What is in this article?:
• Prior to last year, neither Sonny nor Tony Price had even seen canola growing, and now it’s a small, but integral part of their farming operation.
• Last year they planted 97 acres of canola, and Sonny Price says the crop should fit in well with their crop rotation.
SOUTH CAROLINA grower Sonny Price checks the progress of his canola crop in early April.
Crop insurance considerations
“The current guidelines on crop insurance, don’t allow us to plant cotton behind our canola this year, but we feel like we can get the guidelines changed in the future, so we can go to that rotation, Price explains.
“We feel like we can grow 60-70 bushels of canola per acre on our farm. We are using a winter canola variety, Visby, from Rubisco Seeds. This variety seems to be well suited to our soils and climate, and looking at the yields Mike Garland has seen with other growers in the state, it looks like 60-70 bushels per acre should be a reasonable yield to target,” he adds.
In on-farm tests in North Carolina last year, data seem to validate Price’s outlook for 60-70 bushels per acre — maybe more.
The following are yields from canola and rapeseed plots grown by Phillip and Phil McClain near Statesville, N.C. Rossini is a high erucic acid rapeseed (HEAR) variety and the others are winter canola varieties from Rubisco Seeds.
Rossini rapeseed produced 77.95 bushels per acre. Rally produced 86.19 bushels per acre, Flash produced 87.20 bushels per acre, Sitro was the top yielding canola variety at 91.75 bushels per acre, Safran produced 89.22 bushels per acre, and Hornet produced 89.91 bushels per acre.
The rapeseed and canola varieties were planted in the fall of 2010 and harvested on June 21, 2011.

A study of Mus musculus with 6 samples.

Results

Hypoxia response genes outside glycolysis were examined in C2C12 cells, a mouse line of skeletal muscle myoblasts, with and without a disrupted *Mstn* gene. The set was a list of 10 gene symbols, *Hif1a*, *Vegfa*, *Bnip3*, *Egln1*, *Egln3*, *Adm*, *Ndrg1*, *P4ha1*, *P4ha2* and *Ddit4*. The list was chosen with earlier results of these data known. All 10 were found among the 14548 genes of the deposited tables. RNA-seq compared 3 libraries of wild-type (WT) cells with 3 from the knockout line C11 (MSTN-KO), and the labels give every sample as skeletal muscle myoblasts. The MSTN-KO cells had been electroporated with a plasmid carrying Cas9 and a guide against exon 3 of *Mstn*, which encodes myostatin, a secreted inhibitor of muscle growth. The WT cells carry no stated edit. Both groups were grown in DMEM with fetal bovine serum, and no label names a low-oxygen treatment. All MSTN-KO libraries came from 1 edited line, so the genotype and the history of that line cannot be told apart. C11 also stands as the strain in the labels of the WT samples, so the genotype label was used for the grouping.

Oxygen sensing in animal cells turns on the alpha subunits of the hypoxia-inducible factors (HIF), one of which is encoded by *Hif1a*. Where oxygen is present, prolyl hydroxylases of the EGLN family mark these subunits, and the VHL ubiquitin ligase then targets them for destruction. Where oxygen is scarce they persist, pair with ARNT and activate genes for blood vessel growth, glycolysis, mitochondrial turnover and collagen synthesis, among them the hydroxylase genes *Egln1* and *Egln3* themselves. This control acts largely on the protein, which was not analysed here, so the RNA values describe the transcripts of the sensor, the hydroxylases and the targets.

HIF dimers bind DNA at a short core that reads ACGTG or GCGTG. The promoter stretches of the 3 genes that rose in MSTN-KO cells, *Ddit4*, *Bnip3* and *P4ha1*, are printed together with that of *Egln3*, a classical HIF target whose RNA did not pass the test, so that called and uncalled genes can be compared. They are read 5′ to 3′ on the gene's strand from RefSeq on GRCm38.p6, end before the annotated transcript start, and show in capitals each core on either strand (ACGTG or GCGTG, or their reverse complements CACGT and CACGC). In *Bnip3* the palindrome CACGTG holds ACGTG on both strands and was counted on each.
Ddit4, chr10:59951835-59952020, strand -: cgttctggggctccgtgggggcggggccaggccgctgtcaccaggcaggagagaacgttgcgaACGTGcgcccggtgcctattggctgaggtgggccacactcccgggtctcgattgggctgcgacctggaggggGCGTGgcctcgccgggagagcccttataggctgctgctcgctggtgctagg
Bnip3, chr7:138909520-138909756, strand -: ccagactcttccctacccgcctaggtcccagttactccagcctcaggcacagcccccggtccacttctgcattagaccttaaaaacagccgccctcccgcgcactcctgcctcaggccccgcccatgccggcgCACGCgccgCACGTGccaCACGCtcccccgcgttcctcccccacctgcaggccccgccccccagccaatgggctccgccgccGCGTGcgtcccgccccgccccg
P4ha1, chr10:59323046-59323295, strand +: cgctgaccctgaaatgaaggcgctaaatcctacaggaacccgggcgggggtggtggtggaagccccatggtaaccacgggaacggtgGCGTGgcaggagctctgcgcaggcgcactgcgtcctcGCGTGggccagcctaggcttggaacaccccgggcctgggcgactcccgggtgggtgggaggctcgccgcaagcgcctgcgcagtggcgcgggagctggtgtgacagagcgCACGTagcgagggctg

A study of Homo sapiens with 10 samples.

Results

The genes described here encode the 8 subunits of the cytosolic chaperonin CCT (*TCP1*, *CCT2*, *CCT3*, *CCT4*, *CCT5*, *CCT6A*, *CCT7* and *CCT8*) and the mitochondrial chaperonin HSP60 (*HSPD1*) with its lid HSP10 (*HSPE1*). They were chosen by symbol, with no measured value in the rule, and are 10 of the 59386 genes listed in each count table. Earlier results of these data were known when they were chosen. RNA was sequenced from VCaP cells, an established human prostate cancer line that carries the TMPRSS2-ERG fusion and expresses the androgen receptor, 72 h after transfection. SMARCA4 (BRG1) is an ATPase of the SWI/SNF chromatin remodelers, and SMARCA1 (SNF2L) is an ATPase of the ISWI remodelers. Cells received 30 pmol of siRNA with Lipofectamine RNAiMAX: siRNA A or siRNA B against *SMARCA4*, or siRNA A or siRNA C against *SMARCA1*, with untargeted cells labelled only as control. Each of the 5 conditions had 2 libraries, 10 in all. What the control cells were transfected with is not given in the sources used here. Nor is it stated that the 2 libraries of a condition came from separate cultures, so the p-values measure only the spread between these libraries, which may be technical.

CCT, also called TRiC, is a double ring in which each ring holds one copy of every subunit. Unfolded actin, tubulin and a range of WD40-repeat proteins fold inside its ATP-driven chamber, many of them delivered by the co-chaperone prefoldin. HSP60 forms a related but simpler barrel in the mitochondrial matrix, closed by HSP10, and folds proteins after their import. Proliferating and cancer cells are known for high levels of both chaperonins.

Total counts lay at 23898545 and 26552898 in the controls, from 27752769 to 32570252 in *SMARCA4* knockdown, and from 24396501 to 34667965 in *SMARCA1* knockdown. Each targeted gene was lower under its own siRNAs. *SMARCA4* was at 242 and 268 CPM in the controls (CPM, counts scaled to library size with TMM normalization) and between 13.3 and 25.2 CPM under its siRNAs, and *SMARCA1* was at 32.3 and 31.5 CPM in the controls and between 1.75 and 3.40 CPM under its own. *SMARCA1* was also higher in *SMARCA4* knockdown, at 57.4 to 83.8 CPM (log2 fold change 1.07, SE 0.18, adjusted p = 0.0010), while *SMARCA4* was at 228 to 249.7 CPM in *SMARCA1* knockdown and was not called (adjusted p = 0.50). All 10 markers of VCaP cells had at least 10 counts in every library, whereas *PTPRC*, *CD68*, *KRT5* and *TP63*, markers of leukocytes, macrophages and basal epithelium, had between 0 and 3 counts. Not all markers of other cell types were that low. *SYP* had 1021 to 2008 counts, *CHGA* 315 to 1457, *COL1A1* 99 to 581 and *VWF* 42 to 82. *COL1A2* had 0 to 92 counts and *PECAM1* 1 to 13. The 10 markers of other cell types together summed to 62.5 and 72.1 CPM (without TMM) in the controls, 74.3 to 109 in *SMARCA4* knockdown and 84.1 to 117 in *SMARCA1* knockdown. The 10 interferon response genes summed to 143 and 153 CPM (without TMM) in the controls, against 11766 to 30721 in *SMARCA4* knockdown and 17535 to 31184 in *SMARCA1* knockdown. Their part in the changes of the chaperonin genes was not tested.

Claire Caldbeck, owner of Philpot, Kentucky-based Rubisco Seeds Company says, “Over the past seven years in the Southeast, farm average yields from winter hybrid canola have steadily increased and typically range from 50 to 70 bushels per acre (1 bushel of canola equals 50 pounds).”
The national average for canola is only 30-35 bushels per acre, she adds.
“Since 2005, Brian Caldbeck, who provides agronomic support for Rubisco Seeds, has developed and refined production programs for winter canola throughout the Southeast that are compatible with the region’s climate, soils, rotations and equipment,” she adds.
Caldbeck says, “Seed supply for the 2012 season will be, as in other years, based on commercial farm results in conjunction with small plot research trials conducted via the National Winter Canola Variety Trial (NWCVT) network and regional university trials. We anticipate continued strong demand for seed in fall 2012.”
Price says he planted his canola on Oct. 18, which is several days earlier than he planted his wheat crop. It allowed us to plant the canola and go straight into planting wheat, he adds.
“I think recommendations are for 15-inch rows in canola, but we weren’t set up to plant it that way. We planted canola in 30-inch rows, which matches up with our 7.5-inch row spacing for wheat.
“Our canola came up, we got a good stand, but we were concerned about it lapping the 30-inch rows to help with grass and weed control. Now (early April), you can’t walk through the canola, so we are very pleased with the way it has grown out,” the South Carolina grower says.
Price used a John Deere 1720 vacuum planter and to adapt to the tiny canola seed, he ordered and added sugar beet discs. That’s the reason he planted Visby variety canola, because it has the biggest seed size.
“I think I was getting 8-9 seed per foot of row and used about two pounds of seed per acre. We bought our seeds through Southern States, who bought it direct from Rubisco Seeds in Kentucky,” Price says.